People in nearly half the nations polled in a new report cited climate change as their top concern, while many countries, particularly in North America, Europe and the Middle East, picked the militant Islamic State of Iraq and Syria as their biggest worry.
The report recognizes that nuclear weapons are "indispensable" to deter other nations from attacking the U.S. and allies with such weapons, but offer no other advantage over U.S. conventional military superiority.
Analysis found that DHS's Domestic Nuclear Detection Office has shortfalls in its documentation procedures, making it difficult to understand how well its R&D investments are addressing the gaps in the government's global nuclear detection architecture.
As National Nuclear Security Administration laboratories shift away from a focus on nuclear projects and undertake more assignments from other agencies to address broader national security concerns, a larger debate over their governance has also emerged.
Despite a greater focus on nuclear terrorism as a top threat to international security, a new report tries to shed light on nuclear weapons materials that have gone missing – an area that has gotten very little scrutiny.
Systems developed to identify and correct problems at a U.S. nuclear weapons plant are generally working, but an internal Energy Department audit found certain aspects could be improved by the new contractor now managing the facility.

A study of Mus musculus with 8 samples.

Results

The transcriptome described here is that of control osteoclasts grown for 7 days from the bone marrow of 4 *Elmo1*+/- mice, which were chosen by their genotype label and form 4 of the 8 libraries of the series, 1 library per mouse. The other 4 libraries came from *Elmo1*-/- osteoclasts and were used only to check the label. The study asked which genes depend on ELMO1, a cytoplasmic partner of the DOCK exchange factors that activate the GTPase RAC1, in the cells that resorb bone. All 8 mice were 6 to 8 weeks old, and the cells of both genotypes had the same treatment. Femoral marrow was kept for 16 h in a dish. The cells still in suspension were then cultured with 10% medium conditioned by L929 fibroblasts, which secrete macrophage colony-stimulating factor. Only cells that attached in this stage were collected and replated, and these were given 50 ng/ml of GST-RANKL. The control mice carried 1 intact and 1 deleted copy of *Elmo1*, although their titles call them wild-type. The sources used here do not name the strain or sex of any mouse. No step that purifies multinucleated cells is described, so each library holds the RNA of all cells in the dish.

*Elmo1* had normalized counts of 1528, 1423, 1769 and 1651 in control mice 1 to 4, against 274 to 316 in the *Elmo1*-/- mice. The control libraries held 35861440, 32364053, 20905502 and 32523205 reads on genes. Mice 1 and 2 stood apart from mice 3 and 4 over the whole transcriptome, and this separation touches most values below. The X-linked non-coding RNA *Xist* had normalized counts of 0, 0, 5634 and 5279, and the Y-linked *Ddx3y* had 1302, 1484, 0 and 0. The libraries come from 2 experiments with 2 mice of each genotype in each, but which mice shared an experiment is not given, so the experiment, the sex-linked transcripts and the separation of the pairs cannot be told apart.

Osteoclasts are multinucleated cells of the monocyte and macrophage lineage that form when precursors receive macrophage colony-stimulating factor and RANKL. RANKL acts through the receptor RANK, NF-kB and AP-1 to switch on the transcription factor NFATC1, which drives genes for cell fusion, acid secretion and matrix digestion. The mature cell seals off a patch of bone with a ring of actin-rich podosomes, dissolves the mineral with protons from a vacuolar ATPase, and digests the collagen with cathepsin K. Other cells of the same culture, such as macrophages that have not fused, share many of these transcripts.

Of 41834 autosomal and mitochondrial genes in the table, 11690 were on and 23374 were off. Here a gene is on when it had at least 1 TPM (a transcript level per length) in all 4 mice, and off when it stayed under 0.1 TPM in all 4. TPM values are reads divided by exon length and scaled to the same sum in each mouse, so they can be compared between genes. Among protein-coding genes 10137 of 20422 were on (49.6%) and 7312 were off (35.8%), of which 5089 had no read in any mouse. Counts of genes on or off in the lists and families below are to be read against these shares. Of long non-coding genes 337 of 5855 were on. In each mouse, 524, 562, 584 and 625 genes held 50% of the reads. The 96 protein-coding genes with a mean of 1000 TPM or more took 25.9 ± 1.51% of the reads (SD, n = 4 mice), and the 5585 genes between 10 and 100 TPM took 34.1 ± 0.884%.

The Energy Department inspector general said it could not independently validate whether space-based sensors being developed to detect nuclear detonations globally will be delivered on time and on budget to the Air Force.
The new Defense Department strategy for countering weapons of mass destruction reflects how even the military's most critical missions are subject to the realities of an era of limited budgets. The strategy, released June 30, replaces a counter-WMD strategy that the department published eight years ago.
Independent investigators within the Energy Department blame the department for worsening the safety culture at a nuclear waste facility where radioactive material leaked into the environment in February.
Federal prosecutors unsealed an indictment Wednesday against three men accused of illegally exporting laboratory equipment to Syria since 2003.